Thu, Dec 23rd 2021 01:15 pm

Congressional & national cancer leaders discussed strides in research since National Cancer Act was signed into law on Dec. 23, 1971 & goals moving forward

Congressman Brian Higgins and Roswell Park CEO Dr. Candace Johnson recently joined a Congressional Cancer Caucus briefing with National Cancer Institute director Dr. Ned Sharpless and other national leaders discussing the National Cancer Act, which was signed into law on Dec. 23, 1971, and efforts to continue making strides in cancer research and treatment.

As co-chair of the Cancer Caucus, Higgins has long advocated for significant federal investments in cancer research and treatment. He spoke to members and national leaders during the briefing saying during the discussion, “So many strides have been made. Before the ‘War on Cancer’ was declared, less than 50% of those who were diagnosed lived beyond five years of the diagnosis. Today it’s 65% for adults and over 80% for kids. That is a major, major step forward attributed to the great work of all of those who do cancer research, but also to the federal government’s commitment to funding groundbreaking research.”

Roswell Park Comprehensive Cancer Center is one of the first and oldest designated comprehensive cancer centers in the U.S. Johnson spoke before the caucus stating, in part, “In 50 years we’ve really accomplished a lot. We’ve come a long way. But, as I think you’ve heard from the other speakers here today, we have a long way to go. Incentivizing screening programs could really make a huge difference in what we can do going forward. We can’t lose sight of the cusp that we’re on right now with some very innovative science out there and continuing to fund it, with a very strong emphasis on screening.”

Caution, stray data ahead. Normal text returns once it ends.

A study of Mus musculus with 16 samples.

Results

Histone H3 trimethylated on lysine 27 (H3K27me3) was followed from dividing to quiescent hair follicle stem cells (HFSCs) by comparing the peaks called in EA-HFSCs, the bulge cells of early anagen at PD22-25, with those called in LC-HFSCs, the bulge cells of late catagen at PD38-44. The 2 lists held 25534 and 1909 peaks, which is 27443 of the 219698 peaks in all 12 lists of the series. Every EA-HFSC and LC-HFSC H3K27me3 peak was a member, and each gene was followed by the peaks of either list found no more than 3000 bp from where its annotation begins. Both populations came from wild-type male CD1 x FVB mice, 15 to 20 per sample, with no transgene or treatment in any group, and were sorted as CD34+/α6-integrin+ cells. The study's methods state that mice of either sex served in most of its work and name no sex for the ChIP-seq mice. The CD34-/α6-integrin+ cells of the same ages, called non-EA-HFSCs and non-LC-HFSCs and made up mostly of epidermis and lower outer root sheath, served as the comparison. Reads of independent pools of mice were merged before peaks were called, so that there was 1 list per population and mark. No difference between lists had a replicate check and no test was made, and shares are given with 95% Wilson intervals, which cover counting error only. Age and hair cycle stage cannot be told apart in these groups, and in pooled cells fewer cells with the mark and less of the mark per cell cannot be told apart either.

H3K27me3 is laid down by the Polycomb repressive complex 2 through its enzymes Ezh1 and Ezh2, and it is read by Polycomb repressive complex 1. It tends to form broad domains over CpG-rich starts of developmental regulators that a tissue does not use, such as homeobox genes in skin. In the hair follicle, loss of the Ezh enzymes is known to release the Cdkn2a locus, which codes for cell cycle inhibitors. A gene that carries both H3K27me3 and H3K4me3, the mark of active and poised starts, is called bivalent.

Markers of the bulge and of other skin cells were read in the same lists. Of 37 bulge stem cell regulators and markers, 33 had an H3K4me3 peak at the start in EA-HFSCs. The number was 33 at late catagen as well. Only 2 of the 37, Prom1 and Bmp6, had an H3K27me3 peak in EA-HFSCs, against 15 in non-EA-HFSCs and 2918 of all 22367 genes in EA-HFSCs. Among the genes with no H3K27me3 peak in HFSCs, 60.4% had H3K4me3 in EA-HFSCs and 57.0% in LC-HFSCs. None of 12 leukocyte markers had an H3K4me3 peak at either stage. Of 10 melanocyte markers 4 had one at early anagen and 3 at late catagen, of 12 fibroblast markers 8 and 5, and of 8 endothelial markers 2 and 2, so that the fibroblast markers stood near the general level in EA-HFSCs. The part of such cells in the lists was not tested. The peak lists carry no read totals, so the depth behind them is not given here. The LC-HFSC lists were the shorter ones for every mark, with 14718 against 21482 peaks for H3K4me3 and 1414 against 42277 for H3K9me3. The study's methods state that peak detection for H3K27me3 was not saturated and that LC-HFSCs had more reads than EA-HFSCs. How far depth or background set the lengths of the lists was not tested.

This year marks the 50th anniversary of the National Cancer Act of 1971, which established the National Cancer Institute, federal cancer prevention, treatment and research programs, and designated comprehensive cancer centers. Roswell Park was a significant advocate for the passage of this legislation. In the 50 years since this major federal investment began, they have established themselves as a leader in research and treatment, as well as a model for cancer centers nationwide.

In October, Higgins joined Roswell Park to celebrate its 50th year as a designated comprehensive cancer center at the “We Set the Model” event discussing the breakthroughs in research and innovation in treatment that resulted from this historic legislation.

His team stated, “As we continue to fight the war on cancer in Western New York and around the world, current and future federal investments are critical in order to find cures for cancer of all types.”